Adhesives Magazine

ONLINE EXCLUSIVE: On an Upswing

January 1, 2006
The results of the 2004 End Use Market Survey of the Polyurethanes Industry in the United States, Canada and Mexico, conducted by IAL Consultants

A commercial polyurethane construction application. Photo courtesy of Gusmer Corp.
The results of the 2004 End Use Market Survey of the Polyurethanes Industry in the United States, Canada and Mexico indicate that the polyurethanes industry has been on a firm growth track during the last two years. Between 2002 and 2004, production of polyurethane products grew 10.8% overall due to general economic growth since 9/11, as well as returning consumer confidence and an increasing use of polyurethane materials in products that promote greater comfort in the living environment. This compares to relative flat growth of 2000-2002.

Angela Austin of IAL Consultants, the firm that conducted the survey, commented, "During the past two years, the North American polyurethanes industry has balanced the reality of raw-material shortages and deteriorating production economics with growth in a number of product areas that impact quality of life. In the U.S., that growth has been stimulated by new products, such as viscoelastic foam and low-density rigid spray foams, as well as changes in consumer spending on such items as hardwood floors that require polyurethane coatings. Consumers have been purchasing larger refrigerators for their kitchens and additional units for other areas of the house, and larger vehicles - including minivans and SUVs - all of which use substantial amounts of polyurethane."

The results of the 2004 End Use Market Survey were released before the Polyurethanes 2005 Technical Conference and Trade Fair, which took place October 17-19, 2005. More than 1,450 attendees from 32 countries were in Houston to discuss polyurethane technology and trends.

Volume Up Across the Region

According to the survey, the North American polyurethanes industry volume for 2004 was 7,911.6 million pounds. Only Europe produced more than the NAFTA region in 2004, with 8,820 million pounds. In the United States, volume was 6,692.5 million pounds, up from 5,564 million pounds in 2002 and representing an annual 9.7% growth rate since 2002. Total U.S. production in 2004 was more than the total amount of polyurethane that was produced for the entire NAFTA region in 2002.

Similar to survey results presented in 2002, growth was high in Canada, where production of polyurethane materials increased 10.7% between 2002 and 2004. During that period, Canadian polyurethane production totaled 720 million pounds, up from 588 million pounds in the 2000-2002 period. In addition, Canadian production accounted for 9% of the total NAFTA market.

Mexico volume was 499.1 million pounds and was bolstered by an increase in demand for Mexican raw materials. Many U.S. companies produce appliances, footwear, textiles, and furniture in Mexico for export, and this supported strong growth in domestic polyurethane production.

"Overall, the polyurethanes industry has continued to grow at a rate equal or greater than GDP across the NAFTA region," Austin said, "despite the maturity of its main end use industries - construction, refrigeration, automotive and furniture - in the U.S. and Canada."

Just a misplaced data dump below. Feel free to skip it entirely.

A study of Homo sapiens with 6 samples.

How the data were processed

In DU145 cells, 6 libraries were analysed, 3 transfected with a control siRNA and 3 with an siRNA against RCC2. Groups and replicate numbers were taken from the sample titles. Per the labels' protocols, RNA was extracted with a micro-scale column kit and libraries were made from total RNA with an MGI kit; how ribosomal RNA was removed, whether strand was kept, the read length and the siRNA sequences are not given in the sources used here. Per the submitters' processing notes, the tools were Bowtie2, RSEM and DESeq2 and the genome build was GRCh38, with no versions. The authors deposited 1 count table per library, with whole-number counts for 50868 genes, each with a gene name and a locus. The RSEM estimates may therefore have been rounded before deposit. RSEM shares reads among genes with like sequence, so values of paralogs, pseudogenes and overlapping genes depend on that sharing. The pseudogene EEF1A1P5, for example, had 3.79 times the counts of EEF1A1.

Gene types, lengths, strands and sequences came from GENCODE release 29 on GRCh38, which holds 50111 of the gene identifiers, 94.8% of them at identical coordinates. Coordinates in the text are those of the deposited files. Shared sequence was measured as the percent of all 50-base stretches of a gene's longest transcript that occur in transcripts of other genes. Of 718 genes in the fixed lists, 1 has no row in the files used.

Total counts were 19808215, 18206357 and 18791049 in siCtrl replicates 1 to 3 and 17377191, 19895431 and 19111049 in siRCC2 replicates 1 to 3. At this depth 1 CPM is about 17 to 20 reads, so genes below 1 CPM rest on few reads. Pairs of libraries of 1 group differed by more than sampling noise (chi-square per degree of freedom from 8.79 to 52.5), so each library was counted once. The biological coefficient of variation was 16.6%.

"The results of the 2004 survey demonstrate the resilience of the polyurethanes industry," said Dick Mericle, executive director of the Alliance for the Polyurethanes Industry. "Our industry was able to weather the recent economic storm and now higher consumer demand is having a very positive effect on the growth of polyurethane production."

The report also showed that the top three polyurethane end-use applications remained unchanged from two years ago: construction, transportation, and furniture. Foam scrap and bedding rounded out the rest of the top five applications.

CASE

The use of polyurethane in coatings, adhesives and sealants formulations has experienced growth partly because of construction market dynamics. The market for construction has remained steady for both the residential and commercial sectors in the United States, creating a higher growth market for many polyurethane products. For example, the prevalence of hardwood floors that require polyurethane coatings has contributed to that growth. Also, a general consumer push toward increased comfort in everyday life has led automotive OEMs to seek improvements in vehicle stability through the use of polyurethane elastomers as shock absorbers.

Production of polyurethane coatings totaled 712 million pounds in North America in 2004, up from 612 million pounds in 2002. Among coating types, waterborne polyurethane dispersions experienced the most demand. Adhesive and elastomers production both totaled approximately 316.5 million pounds in 2004, up from approximately 272 million pounds in 2002.

The End Use Market Survey, conducted every two years, addresses the current state of the North American polyurethanes industry. IAL Consultants interviewed more than 430 companies in North America, including end-users, formulators and producers, to complete the survey.

The End Use Market Survey was sponsored by the Alliance for the Polyurethanes Industry, a business unit of the American Plastics Council. For further information, contact Dick Mericle, Alliance for the Polyurethanes Industry, at (703) 741-5652 or visit www.polyurethane.org.

API promotes the sustainable growth of the polyurethane industry, in accordance with the principles of Responsible CareĀ®, by identifying and managing issues that could impact the industry, in cooperation with user groups. Its 73 members are U.S. producers or distributors of chemicals and equipment used to make polyurethane or are manufacturers of polyurethane products.

API is a business unit of The American Plastics Council. APC advocates unlimited opportunities for plastics and promotes their economic, environmental and societal benefits.